Pitiful Earthlings — bow to 'Intergalactic Nemesis'!

If you're in the mood for some science fiction silliness, "The Intergalactic Nemesis: A Live-Action Graphic Novel" promises to keep you laughing on Friday, June 20, at 8 p.m. in the Jim Rouse Theatre at Wilde Lake.

This Columbia Festival of the Arts presentation combines aspects of 1930s-style radio dramas with comic book art. Like such movies as "Star Wars" and "Raiders of the Lost Ark," this theatrical show looks to the campy science fantasy and adventure stories of that earlier era for its inspiration.

The actual staging involves comic book art being projected onto a large screen. These images have been stripped of their dialogue balloons, however, because there are three actors on stage who perform the voices for all of the characters in a deliberately over-the-top story.

These dialogue-spouting actors won't be the only ones producing live sound on stage. Another performer will be making live sound effects to accompany the action, much as studio technicians did for the old radio shows; and yet another performer will be doing an original piano score to help maintain the madcap mood.

As in a 1930s-period sci fi serial, the story indulges in non-stop pop-cultural cliches and improbable plot twists. Expect to meet a reporter in the Carpathian Mountains, and additional odd characters including a hypnotist named Mysterion the Magnificent.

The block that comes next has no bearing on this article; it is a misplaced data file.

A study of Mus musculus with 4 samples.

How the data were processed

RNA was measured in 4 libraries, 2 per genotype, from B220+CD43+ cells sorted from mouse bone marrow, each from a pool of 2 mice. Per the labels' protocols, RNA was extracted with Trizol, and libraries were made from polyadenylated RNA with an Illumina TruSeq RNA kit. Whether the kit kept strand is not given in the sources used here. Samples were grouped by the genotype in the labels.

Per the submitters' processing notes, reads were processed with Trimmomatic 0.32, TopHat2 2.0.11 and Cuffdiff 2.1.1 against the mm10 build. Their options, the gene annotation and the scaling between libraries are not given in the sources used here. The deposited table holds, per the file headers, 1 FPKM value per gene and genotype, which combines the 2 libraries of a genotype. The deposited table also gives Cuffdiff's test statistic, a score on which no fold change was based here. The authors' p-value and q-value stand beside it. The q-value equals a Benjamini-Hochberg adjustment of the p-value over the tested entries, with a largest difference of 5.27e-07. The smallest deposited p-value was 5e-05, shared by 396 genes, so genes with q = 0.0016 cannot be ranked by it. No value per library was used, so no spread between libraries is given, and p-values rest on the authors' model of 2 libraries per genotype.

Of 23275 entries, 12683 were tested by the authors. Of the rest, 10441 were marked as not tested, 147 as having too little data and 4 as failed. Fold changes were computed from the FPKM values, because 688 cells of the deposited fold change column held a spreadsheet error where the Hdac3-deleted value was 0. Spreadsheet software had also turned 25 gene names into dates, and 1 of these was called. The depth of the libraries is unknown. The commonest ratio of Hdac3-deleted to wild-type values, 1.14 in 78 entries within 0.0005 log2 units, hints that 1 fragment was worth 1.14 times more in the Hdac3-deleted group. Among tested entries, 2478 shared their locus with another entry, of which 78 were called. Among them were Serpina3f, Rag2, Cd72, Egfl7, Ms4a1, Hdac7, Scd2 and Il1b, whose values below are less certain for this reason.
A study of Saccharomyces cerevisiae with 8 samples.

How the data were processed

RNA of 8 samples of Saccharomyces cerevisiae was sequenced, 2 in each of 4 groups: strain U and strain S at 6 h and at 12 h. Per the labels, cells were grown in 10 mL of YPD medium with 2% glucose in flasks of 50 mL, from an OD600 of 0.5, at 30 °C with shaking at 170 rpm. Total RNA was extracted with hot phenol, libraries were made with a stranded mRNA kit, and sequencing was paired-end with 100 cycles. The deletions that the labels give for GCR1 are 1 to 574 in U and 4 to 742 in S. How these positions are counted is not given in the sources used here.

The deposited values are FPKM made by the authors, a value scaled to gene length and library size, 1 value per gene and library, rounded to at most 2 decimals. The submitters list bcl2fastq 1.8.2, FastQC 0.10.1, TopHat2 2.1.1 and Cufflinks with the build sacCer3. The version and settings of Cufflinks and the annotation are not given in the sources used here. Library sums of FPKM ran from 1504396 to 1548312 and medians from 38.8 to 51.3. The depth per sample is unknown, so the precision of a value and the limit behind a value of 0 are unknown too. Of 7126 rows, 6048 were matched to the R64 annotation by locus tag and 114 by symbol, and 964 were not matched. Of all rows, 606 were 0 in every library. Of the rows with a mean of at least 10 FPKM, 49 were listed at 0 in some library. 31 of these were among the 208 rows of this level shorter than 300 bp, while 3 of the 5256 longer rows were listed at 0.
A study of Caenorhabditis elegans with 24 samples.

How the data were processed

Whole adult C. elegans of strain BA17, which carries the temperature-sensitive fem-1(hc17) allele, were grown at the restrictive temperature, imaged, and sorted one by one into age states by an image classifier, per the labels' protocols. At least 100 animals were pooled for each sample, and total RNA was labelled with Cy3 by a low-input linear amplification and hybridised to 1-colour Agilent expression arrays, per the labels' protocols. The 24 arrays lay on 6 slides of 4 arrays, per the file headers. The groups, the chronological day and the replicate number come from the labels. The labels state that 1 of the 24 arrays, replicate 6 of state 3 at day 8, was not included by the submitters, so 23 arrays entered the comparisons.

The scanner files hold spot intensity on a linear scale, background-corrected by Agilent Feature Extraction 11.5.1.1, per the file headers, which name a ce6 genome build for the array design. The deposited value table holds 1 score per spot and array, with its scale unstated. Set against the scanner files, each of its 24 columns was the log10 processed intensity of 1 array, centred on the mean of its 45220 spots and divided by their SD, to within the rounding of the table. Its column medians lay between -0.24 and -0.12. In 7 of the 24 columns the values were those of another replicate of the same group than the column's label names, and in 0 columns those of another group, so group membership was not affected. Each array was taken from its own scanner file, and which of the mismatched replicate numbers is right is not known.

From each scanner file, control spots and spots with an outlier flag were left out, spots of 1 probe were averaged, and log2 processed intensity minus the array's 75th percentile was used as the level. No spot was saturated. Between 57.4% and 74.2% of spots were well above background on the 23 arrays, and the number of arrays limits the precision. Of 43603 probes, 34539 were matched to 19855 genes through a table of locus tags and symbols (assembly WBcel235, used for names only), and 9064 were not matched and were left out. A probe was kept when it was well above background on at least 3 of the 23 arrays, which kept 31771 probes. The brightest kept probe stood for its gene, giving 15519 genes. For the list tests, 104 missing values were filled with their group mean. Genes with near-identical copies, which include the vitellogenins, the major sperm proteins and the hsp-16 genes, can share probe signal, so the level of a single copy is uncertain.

Exotic locations include the Planet Robonovia. Alien life forms encountered include a race called the Zygonians, which are sludge monsters that are acidic to the touch. The Zygonians are dedicated to rubbing out the human race, because, well, that's what sludge monsters do.

These demented thoughts and more come from the mind of writer-director-designer Jason Neulander, who once described the show as a "mash-up comic book and radio play (that is) tapping into my own personal 12-year-old."

The Austin, Texas-based Neulander was the founder and former head of an experimental theater troupe called Salvage Vanguard.

In the mid-1990s, he came up with a sci-fi radio serial that was performed in an Austin coffee house. Since then, similar shows have comprised what amounts to a sci-fi saga.

There are so many pop-cultural associations percolating in this family-friendly stage show that audiences can relate to it on various levels.

That popular appeal has gained widespread media attention for "The Intergalactic Nemesis," including TV coverage on "Late Night with Conan O'Brien" and radio coverage on NPR's "All Things Considered."

"The Intergalactic Nemesis: A Live-Action Graphic Novel" will be staged Friday, June 20, at 8 p.m., in the Jim Rouse Theatre at Wilde Lake, 5460 Trumpeter Road in Columbia. Tickets are $30- $45, $25- $40 for seniors and students. For ticket information, call 1-800-955-5566 or go to http://www.tickets.com. For Columbia Festival of the Arts information, call 410-715-3044 or go to http://www.columbiafestival.org.